Salt Water Fishing Information
    According to a 2009 report issued by the U.S. Fish and Wildlife Service, 8,528,000 anglers spent 85,780,000 days pursuing saltwater fish in 2006. The popularity of saltwater fishing is at an all-time high, and while the size of the ocean and variety of fishing choices can be intimidating, you can get right in the game with some basic information.


    There are hundreds of commonly sought-after fish along the saltwater coasts of the United States. In the northeast, striped bass, bluefish and fluke are king. Farther south, you have redfish, speckled trout and tarpon. The Gulf of Mexico offers snook, redfish and permit. The West Coast is known for its tuna and shark fishing.

    Boat or Beach

    Every region has saltwater fish that can be caught from the beach. You can also climb aboard a party or charter boat for a day of fishing with the pros.

    Saltwater Tackle

    From the beach, a 7-foot spinning rod and reel covers most situations. Expect to pay about $250 for a decent rod and reel and another $15 to fill the reel with 12-pound-test line. Add some hooks and sinkers for bait fishing or lures for plugging.

    Before Hitting the Water

    Stop by your local bait and tackle shop for some up-to-the-minute information. Ask what's biting and when the best tide is. If you bought your equipment at your local shop, the staff should be glad to help you get started. Find out what the current regulations are for the fish you plan to catch. Seasons, size and bag limits are constantly changing, so you should regularly check regulations and be sure to obey conservation laws.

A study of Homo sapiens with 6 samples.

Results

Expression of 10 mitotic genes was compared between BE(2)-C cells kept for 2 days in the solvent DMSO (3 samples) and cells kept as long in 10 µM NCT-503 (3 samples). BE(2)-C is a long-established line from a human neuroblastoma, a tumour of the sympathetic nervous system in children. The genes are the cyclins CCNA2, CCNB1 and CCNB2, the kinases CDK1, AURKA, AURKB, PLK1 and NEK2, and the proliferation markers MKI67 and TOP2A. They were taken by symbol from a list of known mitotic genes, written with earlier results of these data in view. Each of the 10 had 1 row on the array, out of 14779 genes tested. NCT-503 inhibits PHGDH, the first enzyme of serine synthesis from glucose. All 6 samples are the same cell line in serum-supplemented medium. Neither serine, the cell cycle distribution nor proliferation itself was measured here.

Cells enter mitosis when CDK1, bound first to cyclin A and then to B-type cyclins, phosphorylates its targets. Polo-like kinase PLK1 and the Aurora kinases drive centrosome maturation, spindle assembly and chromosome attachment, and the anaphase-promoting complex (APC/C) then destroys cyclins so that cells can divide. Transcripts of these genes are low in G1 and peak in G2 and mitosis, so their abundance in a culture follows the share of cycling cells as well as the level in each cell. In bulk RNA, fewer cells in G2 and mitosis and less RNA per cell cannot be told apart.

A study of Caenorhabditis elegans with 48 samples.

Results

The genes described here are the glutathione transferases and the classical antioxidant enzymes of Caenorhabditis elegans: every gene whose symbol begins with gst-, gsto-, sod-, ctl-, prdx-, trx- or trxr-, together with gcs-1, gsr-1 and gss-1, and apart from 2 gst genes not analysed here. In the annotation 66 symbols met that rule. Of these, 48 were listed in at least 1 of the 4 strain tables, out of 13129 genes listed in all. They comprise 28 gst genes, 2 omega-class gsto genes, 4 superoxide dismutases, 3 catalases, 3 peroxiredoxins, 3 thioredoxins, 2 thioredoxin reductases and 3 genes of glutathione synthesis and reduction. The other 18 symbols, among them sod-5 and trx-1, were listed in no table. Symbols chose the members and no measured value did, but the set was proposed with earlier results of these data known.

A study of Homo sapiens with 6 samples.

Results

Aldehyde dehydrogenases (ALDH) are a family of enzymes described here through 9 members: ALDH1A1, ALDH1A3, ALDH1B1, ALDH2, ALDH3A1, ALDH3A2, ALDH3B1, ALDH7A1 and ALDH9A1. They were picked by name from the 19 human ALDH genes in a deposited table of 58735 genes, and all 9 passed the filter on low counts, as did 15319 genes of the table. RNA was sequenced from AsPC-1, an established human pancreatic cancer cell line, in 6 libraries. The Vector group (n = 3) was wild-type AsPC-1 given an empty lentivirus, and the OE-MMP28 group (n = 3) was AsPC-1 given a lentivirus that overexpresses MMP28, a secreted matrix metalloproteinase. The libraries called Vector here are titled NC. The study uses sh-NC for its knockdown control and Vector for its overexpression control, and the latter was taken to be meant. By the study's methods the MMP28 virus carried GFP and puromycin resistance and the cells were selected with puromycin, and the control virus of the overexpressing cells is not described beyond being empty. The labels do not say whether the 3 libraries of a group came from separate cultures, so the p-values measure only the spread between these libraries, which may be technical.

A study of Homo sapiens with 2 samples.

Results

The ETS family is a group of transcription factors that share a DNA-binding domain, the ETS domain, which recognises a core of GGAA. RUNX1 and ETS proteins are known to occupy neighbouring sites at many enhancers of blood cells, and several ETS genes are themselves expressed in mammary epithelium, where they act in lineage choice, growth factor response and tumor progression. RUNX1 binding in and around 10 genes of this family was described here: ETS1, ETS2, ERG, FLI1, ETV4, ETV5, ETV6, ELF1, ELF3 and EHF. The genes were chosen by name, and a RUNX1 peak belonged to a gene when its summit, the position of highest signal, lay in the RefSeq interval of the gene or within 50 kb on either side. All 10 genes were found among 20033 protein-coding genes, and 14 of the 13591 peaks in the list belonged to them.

Handling Your Fish

    When you are keeping a fish to eat, bleed it immediately by cutting the gill plates. After bleeding it, put it on ice to keep it fresh. If you are not going to eat your fish, release it as quickly as possible. Remove the hook carefully and hold the fish in the water until it struggles to be free. You may have to move the fish forward and back to pass water across its gills, but it will breathe again. Let the fish swim away only after it has regained its breath.

    Article Written By Stephen Byrne

    Stephen Byrne is a freelance writer with published articles in "Nor'East Saltwater," "Sportfishing" magazine, "Pacific Coast Sportfishing" and "Salt Water Sportsman." As a fishing charter captain, he was also interviewed for a feature in "Field and Stream." Byrne studied environmental science at the State University of New York at Delhi.